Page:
Rockefeller pharmacist in the clean room where sterile injectable drugs are prepared.

MacArthur in the clean room where sterile injectable drugs are prepared.

At The Rockefeller University Hospital, drugs are part of the science. They not only support patient treatment, but also drive studies that will determine the formulation of tomorrow’s medicines.

To support the roughly 160 clinical trials at The Rockefeller University Hospital each year and to meet the needs of these trials, the university’s newly upgraded pharmacy provides services to around 50 trials annually, filling thousands of prescriptions. The $1 million renovation, completed in 2020, gives the university’s pharmacists the tools they need to prepare specialized compounds, such as sterile injectable drugs, that had previously been obtained from outside vendors.

A pharmacy capable of supporting clinical trials functions much differently than the corner stores relied on for everyday prescriptions. Drugs—often experimental—are formulated and prepared for delivery on-site and on-demand, 24 hours a day, and must be transported, stored, and dispensed with unique precision. Both patient safety and research accuracy depend on it.

“Our new facility allows us to make safe trial medications that fully comply with today’s USP, FDA, and NYS standards,” says Robert B. MacArthur, the university’s director of pharmacy services who helped ensure the specificity of the renovation process. Complete with a clean room and specialized negative pressure storage to prevent staff exposure to hazardous compounds, the pharmacy now meets strict standards for drug formulation. It also gives MacArthur and his colleagues the ability to better advise researchers on issues related to drug formulation and delivery. MacArthur and his team provide research pharmacy consultation, procurement of pharmaceutical ingredients, and drug formulation and compounding throughout the drug discovery, preclinical development, and clinical trial processes.

The new pharmacy has already played a critical role in several high-profile clinical trials, including those of combination monoclonal antibody treatment for COVID-19, led by researchers in the laboratories of Michel C. Nussenzweig, Paul Bieniasz, and Charles M. Rice. “We have worked very closely with the pharmacy over the years to develop and implement procedures to deliver our investigational antibodies against HIV and have also relied on its support during our recent work with COVID-19 antibodies, which moved swiftly from bench to bedside thanks to their efforts,” says Marina Caskey, clinical director in the Nussenzweig Lab, who oversaw the COVID work with Christian Gaebler, an instructor in clinical investigation.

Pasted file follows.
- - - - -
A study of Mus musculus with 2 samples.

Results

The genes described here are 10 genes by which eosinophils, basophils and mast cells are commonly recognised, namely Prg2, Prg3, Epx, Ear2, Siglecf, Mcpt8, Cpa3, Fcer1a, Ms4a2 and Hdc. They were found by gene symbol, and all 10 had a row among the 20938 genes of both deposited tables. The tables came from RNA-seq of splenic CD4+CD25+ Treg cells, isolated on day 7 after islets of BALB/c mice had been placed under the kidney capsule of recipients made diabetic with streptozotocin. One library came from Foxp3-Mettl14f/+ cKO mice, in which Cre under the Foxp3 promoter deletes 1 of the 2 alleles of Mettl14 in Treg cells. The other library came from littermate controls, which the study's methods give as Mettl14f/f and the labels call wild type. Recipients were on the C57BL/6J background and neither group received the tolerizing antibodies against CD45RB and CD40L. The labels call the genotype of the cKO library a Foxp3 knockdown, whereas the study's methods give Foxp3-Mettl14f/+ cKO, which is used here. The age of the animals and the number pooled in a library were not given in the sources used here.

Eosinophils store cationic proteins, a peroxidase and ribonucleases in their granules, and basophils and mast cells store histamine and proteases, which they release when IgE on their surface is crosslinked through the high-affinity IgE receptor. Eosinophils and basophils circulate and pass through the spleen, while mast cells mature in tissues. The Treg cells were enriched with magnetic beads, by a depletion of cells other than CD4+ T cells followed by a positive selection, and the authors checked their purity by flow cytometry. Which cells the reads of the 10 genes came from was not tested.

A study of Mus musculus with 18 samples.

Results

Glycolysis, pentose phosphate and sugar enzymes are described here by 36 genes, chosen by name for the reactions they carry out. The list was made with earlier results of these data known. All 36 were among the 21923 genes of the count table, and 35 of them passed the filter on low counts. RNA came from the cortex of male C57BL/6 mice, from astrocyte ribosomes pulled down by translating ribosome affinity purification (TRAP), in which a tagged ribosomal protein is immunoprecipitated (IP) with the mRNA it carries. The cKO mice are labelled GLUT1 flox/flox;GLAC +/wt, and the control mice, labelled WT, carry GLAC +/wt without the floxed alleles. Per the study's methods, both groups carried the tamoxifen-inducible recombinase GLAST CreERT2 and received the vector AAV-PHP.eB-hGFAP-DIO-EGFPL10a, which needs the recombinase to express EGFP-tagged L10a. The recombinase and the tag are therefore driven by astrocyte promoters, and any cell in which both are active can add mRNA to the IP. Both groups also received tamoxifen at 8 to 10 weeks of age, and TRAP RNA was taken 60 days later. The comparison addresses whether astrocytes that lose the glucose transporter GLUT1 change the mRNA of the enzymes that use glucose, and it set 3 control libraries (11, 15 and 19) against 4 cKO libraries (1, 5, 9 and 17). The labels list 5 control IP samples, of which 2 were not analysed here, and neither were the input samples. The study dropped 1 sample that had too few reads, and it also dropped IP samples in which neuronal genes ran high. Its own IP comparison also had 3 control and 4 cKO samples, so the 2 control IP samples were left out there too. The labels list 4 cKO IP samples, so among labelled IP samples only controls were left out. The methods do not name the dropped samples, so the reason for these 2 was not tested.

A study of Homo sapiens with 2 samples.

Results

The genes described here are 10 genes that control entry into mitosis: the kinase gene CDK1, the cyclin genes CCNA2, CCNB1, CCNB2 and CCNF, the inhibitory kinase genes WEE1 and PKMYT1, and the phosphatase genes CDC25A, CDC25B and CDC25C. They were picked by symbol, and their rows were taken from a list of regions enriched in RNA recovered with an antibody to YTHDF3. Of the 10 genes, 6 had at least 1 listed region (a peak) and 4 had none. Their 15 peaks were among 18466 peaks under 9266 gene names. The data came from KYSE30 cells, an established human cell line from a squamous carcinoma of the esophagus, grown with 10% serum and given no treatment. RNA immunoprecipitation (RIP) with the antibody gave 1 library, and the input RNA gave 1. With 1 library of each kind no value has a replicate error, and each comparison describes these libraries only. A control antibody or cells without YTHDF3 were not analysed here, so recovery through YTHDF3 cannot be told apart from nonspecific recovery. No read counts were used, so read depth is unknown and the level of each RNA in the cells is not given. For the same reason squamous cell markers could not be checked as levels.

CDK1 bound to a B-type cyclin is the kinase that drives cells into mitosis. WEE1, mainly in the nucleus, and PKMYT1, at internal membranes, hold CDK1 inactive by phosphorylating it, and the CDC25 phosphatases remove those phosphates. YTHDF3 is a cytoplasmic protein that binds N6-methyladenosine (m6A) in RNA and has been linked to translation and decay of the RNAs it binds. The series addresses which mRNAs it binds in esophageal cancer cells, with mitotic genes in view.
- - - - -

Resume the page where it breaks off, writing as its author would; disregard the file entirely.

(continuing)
As on-campus COVID vaccination efforts have evolved, MacArthur and his colleagues have also stepped in to also handle the storage and delivery of the Pfizer and Moderna COVID-19 vaccines being administered to members of the community by Rockefeller’s Office of Occupational Health and Safety.

Construction on the pharmacy, located in approximately 650 square feet on the first floor of the hospital, began in June 2018 and was completed in January 2020. A team including clean room experts, HVAC engineers, and pharmacy monitoring specialists was managed by Rockefeller’s department of Plant Operations. The jewels of the new facility are the clean room, specially designed to mitigate airborne particles and allow pharmacists to handle potentially toxic products such as chemotherapeutics, and a negative pressure storage area that ensures safe containment of drugs and compounds. These improvements enable the creation of sterile and stable drugs with longer shelf lives.

“With these updates, we are well equipped to support our scientists and help ensure the success of the hospital’s mission,” says MacArthur, who has led the pharmacy since 2015.